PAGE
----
I guess I am struggling with the 2nd argument which was there is no limit on the number of modes of vibrations that can excited? Why would there be no limit? Can someone please explain?
This follows from properties of the standard Fourier series expansion of function on a real interval; in order for the expansion to be able to reproduce variations of the original function (here, electric field) on a very short length scale, very high frequency waves have to be included in the Fourier sum. If variations on arbitrarily short length scale are to be captured by the Fourier series, then the Fourier sum over frequencies has to go over arbitrarily high frequencies $kf_0$, $k=1,2,...\infty$.
So the series terms corresponding to arbitrarily high frequencies (and thus infinite number of frequencies and terms) follows from the assumption that the physical electric field can have features on arbitrarily small scale. This may not be true physically, and there may be a short length beyond which there is no such features, and then the number of required frequencies would be finite, and the UV catastrophe avoided. However, nobody has found evidence for existence of such length; electric field seems to be able to have any frequency, even arbitrarily high one.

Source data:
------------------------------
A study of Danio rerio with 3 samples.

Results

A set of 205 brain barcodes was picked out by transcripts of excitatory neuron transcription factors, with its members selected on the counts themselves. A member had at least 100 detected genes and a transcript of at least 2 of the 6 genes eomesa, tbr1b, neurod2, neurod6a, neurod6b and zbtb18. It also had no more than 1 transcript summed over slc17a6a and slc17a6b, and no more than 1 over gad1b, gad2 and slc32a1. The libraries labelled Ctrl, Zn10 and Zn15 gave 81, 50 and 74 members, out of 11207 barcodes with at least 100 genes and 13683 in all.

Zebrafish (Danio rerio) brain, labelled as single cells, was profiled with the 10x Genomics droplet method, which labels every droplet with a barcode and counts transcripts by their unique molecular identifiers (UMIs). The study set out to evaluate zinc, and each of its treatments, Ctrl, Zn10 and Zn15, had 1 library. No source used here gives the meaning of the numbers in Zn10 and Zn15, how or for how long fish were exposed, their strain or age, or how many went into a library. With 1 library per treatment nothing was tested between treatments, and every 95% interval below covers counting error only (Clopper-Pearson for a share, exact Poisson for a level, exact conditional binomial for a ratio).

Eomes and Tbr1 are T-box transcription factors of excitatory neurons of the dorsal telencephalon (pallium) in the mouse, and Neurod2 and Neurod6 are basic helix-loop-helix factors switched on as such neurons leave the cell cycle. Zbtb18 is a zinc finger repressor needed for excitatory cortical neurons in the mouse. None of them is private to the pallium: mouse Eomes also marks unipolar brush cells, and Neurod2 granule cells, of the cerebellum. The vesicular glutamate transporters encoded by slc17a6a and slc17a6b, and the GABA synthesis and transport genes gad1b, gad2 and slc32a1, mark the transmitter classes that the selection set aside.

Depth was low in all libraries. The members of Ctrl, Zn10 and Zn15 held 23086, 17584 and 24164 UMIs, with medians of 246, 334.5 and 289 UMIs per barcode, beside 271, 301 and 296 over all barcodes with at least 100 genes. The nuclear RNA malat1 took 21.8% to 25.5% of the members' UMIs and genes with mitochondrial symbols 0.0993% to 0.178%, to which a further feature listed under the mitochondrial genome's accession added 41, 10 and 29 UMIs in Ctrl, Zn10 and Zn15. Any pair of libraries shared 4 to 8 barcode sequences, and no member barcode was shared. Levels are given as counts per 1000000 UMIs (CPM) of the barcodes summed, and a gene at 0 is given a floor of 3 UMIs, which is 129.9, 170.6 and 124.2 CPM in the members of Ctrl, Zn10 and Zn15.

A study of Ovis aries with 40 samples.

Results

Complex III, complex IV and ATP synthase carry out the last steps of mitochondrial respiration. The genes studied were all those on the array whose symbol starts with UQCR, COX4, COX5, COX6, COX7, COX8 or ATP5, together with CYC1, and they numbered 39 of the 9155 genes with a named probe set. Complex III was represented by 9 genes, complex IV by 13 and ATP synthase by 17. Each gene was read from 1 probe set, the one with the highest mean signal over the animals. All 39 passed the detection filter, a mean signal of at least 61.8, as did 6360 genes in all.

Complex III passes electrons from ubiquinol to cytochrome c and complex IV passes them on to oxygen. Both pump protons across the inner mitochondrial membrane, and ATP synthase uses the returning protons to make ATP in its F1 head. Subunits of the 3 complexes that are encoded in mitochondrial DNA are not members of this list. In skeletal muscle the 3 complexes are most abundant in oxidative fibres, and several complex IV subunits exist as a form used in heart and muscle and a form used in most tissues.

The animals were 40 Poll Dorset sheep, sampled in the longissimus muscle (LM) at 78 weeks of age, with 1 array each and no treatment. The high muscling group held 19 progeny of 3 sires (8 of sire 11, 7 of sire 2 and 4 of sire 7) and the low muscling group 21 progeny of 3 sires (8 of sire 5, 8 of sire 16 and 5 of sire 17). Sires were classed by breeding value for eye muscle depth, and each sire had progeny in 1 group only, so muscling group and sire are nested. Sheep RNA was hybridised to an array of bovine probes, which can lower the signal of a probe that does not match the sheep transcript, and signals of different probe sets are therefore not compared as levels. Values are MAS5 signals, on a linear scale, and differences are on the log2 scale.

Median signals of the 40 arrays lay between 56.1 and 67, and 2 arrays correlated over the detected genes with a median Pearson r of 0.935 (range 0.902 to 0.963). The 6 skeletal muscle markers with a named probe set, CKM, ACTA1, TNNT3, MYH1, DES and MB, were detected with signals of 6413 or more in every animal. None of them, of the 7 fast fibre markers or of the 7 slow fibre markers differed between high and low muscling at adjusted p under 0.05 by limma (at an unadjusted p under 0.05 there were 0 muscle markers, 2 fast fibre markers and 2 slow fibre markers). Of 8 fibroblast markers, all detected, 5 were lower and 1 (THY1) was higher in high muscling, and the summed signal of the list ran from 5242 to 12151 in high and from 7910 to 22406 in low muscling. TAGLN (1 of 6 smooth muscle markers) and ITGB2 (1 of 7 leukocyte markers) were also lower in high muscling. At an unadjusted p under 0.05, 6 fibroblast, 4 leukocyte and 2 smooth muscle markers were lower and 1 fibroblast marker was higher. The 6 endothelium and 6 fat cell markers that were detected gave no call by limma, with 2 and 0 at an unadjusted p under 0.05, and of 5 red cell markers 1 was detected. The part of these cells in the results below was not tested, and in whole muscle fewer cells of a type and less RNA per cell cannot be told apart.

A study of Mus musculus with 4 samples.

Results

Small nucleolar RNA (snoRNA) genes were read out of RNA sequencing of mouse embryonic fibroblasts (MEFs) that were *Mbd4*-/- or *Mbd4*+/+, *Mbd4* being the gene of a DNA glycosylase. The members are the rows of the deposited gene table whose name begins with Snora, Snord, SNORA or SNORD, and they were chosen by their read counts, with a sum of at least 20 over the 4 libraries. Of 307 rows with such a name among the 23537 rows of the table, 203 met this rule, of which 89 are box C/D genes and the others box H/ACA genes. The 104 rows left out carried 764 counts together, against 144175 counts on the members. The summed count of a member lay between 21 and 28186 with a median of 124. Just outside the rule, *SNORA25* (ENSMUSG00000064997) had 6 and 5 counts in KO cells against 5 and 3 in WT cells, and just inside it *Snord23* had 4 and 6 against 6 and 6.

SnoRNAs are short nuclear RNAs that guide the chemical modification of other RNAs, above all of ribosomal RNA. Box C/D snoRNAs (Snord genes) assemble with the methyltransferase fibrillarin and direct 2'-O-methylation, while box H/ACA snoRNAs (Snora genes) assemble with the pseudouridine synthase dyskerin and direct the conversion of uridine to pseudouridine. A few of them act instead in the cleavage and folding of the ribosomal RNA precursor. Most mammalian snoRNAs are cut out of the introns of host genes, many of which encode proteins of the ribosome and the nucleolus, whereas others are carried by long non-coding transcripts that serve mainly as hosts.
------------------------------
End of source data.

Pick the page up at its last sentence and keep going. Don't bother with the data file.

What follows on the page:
However, there is a good physical reason to expect suppression of the Fourier expansion coefficients after some very high frequency in case of equilibrium radiation hold in a real cavity; such cavity can't hold radiation of very high frequencies inside, because no cavity can be perfectly reflective to radiation of arbitrarily high frequencies. Even polished metal cavity will partially pass through radiation of high enough frequency (X-rays, gamma radiation), so achieving equilibrium at this frequency in the cavity would be very difficult; the cavity transparency will work against that.